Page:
Four years after leaving the prime minister's office, Malcolm Turnbull's bust is still waiting to be unveiled at Ballarat Botanical Garden's Prime Ministers Avenue.
The Prime Ministers Avenue controversy was dragged up again after a coal-like version of Scott Morrison's bust was placed in Malcolm Turnbull's spot by activist group Rouser.
Depending on the outcome of this weekend's election, the avenue could be behind for a few years.
Mr Turnbull's bust has been completed by artist Linda Klarfeld and is currently in Ballarat, a date for all important parties to attend has proved difficult to pin down.
The council hopes to unveil the sculpture this year dependent on Mr Turnbull's availability.
Funding for the project has also been an issue after the privately owned trust ran out.
The Ballarat Council now funds the creation of the $30,000 sculptures through their public art program.
But calls for federal support on the project continue.
"We would like to see some national significance given to the avenue, it is the only one of its kind," Cr Moloney said.
"Something like this does not exist anywhere else in Australia."
Miss Klarfeld said Mr Turnbull's bust took much longer than Tony Abbott's.
"At the start of the pandemic there was so much going on and as an artist you are not immune (to current events)," she said.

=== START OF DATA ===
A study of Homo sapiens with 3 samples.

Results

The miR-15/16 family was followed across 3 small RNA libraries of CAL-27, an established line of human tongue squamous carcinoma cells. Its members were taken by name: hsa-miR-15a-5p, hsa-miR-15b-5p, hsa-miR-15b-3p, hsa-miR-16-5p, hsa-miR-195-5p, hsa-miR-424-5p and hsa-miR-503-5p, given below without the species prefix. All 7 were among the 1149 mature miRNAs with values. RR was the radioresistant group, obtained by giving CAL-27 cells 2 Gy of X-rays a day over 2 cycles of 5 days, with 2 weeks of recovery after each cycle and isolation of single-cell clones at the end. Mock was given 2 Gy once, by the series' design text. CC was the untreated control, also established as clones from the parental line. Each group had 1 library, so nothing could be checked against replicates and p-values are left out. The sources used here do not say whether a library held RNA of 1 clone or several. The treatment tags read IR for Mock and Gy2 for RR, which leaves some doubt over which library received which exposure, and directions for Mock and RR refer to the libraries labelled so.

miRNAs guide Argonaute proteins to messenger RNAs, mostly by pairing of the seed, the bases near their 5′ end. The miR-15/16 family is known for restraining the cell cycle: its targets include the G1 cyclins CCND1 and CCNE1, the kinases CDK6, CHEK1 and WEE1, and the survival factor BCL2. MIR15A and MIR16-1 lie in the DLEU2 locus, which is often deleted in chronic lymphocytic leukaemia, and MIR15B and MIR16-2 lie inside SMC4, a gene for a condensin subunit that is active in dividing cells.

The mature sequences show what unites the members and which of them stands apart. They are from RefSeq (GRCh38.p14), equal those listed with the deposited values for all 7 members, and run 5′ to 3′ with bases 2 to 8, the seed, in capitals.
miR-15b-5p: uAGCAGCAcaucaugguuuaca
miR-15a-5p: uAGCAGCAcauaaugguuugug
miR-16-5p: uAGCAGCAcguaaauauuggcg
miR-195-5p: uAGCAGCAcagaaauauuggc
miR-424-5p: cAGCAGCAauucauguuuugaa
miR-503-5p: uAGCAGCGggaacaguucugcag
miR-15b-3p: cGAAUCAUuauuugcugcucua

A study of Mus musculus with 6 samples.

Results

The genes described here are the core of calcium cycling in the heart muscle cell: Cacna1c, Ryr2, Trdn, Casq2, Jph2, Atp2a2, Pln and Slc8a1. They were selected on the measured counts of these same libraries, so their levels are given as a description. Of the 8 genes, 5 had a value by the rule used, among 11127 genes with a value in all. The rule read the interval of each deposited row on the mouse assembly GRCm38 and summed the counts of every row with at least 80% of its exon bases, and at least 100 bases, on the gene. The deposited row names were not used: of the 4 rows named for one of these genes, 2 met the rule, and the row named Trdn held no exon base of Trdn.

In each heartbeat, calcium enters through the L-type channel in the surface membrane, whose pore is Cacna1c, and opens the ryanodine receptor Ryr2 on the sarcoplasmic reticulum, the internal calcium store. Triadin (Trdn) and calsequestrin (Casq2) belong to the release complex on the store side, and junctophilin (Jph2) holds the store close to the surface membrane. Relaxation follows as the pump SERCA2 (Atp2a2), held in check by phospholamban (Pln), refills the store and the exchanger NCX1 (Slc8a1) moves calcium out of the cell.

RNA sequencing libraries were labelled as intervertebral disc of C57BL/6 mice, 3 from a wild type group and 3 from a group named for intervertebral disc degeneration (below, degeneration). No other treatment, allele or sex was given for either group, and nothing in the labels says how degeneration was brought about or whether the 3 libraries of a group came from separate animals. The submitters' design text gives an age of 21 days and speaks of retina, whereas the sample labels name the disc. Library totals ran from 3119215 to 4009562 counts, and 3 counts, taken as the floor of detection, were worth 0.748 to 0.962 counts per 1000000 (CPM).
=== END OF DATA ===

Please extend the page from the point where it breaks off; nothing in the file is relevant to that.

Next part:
"I was alone in the studio thinking who knows if we will get back together again or if anyone is ever going to see this work.
"I kept re-doing it and re-doing it."
After hearing about the activist sculpture placed on Monday Miss Klarfeld said the avenue "has a bit of gravitas".
"It is a high office, not everyone can be the Prime Minister.
"They still get voted into power and do their best and it is good to recognise them."
Friends of the Botanical Garden president Terry O'Brien shared the same sentiments.
"The busts convey factual information about the past and we can walk down the Avenue and see the leaders that have allowed Australia to remain a democratic country since 1901," he said.
"The other reason we need to show respect is because these are works of art. Sculptors have put "blood, sweat and tears" into their creations."
He likes to think of the Prime Ministers Avenue as an open gallery.
The makeshift bust of Scot Morrison only lasted a few hours on Monday morning before council came to take it away.
Activist company Rouser commissioned Sydney-based artist Louis Pratt to create the bust with the intention of it permanently remaining in the Ballarat gardens.
"We aim to blur the lines between entertainment and activism to get more attention," Mr Beamish said.
He has worked in advertising and within activism groups in the past.
"Sometimes stories are not told in a very interesting way.
"It is all about getting conversations happening and having people engaged.
"The coal bust is intended to keep front-of-voters'-minds the government's lack of urgent, tangible climate action."
When Scott Morrision leaves the Prime Minister's office he will be approached to start the process of creating his bust.
"That could be in a few days or a few years, who knows." Cr Moloney said.
"When the next sculpture requires commissioning, the City of Ballarat will call for expressions of interest from sculptors," Ballarat Council executive officer Evan King said.
"We anticipate a competitive show of interest from well-respected sculptors."